Silicon Valley is home to an abundance of VC firms, all of them competing to get in on the next big deal. But VCs also exist (and succeed) outside of the Bay Area. While Washington, D.C. may not be an obvious location to establish a venture capital firm, Lavrock Ventures set its sights on the political capital. The firm announced today that it has closed its first fund at $25 million to invest in early-stage startups at the intersection of enterprise software, cybersecurity, and national security.
One of its portfolio companies is New York-based Graphika, which is reportedly being used by large social networks to tease out the extent of foreign influence operations and propaganda. This is obviously extremely timely, especially in light of the backlash Facebook is facing over its role in 2016’s presidential election.
While Lavrock Ventures closed its first fund at $25 million, it expects to invest more than $50 million — something it can do through special sidecar vehicles.
“We will have the ability to ‘punch above our weight’ and write larger checks when situations warrant,” said Lavrock Ventures general partner Daniel Hanks, in an interview with VentureBeat. “Similar to other firms raising ‘opportunity funds’ or ‘growth funds’, our LP (limited partner) base has expressed a strong interest in additional direct allocations where/when available. But we did not raise a specific fund for this purpose. We get the flexibility, and our investors can scale up with conviction on specific deals, without worrying about additional capital being tied up.”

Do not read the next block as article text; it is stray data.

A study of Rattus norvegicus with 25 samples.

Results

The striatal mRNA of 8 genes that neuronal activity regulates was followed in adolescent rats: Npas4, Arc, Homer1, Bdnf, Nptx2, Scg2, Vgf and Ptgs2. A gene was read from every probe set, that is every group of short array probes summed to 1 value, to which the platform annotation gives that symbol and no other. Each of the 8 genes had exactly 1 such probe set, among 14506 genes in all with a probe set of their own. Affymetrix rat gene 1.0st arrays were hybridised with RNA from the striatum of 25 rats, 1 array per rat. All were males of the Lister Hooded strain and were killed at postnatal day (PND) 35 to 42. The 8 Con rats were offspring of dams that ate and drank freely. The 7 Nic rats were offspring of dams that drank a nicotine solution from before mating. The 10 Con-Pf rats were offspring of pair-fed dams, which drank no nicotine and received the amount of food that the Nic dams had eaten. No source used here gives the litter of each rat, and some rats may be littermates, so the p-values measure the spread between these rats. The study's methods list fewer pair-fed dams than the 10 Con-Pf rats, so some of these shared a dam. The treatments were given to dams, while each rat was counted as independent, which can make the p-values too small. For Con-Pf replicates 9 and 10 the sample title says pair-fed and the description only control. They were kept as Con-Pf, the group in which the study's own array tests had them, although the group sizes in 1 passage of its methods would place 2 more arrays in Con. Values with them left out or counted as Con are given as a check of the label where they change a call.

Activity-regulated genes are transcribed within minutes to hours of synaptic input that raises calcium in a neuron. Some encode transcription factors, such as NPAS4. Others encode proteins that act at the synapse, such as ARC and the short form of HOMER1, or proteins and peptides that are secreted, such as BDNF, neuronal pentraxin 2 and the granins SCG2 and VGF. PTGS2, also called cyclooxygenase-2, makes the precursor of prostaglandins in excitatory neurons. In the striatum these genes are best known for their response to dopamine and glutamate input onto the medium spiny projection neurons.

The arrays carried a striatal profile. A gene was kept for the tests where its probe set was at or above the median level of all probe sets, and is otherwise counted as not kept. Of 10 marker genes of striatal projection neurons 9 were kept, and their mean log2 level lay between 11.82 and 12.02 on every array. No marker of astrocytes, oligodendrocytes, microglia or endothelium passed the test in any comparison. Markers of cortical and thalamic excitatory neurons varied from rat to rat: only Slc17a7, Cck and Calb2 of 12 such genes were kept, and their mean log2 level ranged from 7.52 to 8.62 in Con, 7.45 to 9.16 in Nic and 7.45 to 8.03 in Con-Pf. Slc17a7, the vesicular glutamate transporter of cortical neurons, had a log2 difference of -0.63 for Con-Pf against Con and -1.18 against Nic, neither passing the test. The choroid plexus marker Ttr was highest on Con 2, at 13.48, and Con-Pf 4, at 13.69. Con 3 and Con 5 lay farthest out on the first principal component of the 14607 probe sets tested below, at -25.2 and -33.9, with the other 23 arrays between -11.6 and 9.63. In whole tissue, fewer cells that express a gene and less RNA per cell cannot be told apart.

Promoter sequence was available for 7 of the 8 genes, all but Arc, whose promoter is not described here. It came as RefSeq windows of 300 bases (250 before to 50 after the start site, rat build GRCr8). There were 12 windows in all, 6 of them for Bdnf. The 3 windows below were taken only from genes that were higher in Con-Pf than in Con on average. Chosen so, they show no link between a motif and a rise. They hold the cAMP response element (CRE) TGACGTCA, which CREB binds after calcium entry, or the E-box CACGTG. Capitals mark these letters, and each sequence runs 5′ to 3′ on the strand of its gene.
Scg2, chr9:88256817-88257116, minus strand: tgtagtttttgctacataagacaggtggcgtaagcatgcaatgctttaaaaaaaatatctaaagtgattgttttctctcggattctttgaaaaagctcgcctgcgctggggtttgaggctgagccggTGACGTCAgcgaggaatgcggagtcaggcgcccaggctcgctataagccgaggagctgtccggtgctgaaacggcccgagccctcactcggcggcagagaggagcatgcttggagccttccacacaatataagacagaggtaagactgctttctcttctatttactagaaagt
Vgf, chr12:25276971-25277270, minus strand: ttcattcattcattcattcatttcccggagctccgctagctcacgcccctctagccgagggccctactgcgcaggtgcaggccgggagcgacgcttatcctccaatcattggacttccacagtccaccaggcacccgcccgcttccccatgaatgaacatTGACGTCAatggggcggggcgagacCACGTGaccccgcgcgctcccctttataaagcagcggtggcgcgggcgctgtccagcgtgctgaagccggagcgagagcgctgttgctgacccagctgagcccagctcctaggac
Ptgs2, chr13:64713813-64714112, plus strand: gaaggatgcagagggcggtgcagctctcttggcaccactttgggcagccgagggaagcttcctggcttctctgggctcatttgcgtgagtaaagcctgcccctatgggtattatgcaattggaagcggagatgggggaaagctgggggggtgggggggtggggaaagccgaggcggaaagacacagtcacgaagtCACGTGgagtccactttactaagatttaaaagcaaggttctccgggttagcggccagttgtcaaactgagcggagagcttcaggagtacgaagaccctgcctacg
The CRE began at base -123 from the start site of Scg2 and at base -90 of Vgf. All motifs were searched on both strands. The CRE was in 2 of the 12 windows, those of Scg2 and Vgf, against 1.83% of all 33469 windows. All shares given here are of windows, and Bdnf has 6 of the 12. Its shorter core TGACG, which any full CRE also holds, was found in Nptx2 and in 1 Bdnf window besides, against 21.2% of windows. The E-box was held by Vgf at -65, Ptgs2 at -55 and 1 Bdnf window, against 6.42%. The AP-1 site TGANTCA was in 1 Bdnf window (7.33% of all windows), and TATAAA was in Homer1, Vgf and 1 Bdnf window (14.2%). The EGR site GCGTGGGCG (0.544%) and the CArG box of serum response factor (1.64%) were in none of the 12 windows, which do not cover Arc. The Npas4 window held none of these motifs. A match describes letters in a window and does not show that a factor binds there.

The arrangement gives LPs a way to test the waters without having to commit too much capital in this first fund. If things go well and they see potentially lucrative deals along the way, they can then choose to inject more capital without dealing with the complex fee structures of a fund.
Do political concerns trump tech?
While D.C. may be known as a political hub, it is also home to a healthy entrepreneurial ecosystem. The National Venture Capital Association (NVCA) is headquartered there. Steve Case’s VC firm, Revolution, is based in D.C., and so is In-q-Tel, a nonprofit strategic investor that accelerates the development and delivery of advanced technologies to the Central Intelligence Agency (CIA) and the broader U.S. Intelligence Community (IC).
“The D.C. area definitely has a strong tech scene, but it seems to find itself in a perpetual identity crisis about what it wants to be,” said Hanks. “First and foremost, the region has the highest density of cyber talent in the country, if not the world, when taking into account the multiple three-letter agencies, the large government contractors, and the innumerable young companies. Every six months or so, there is some quixotic initiative to brand the region and manufacture an identity, and D.C., Maryland, and Virginia cannot ever seem to play well together.”
While cybersecurity is D.C.’s strongest asset, technologically speaking, the capital could grow into a larger tech hub. Jeff Bezos already has a strong foothold in the city through his acquisition of the <i>Washington Post. And with rumors that Amazon’s HQ2 could be coming to town, a new flock of startups may soon be moving in.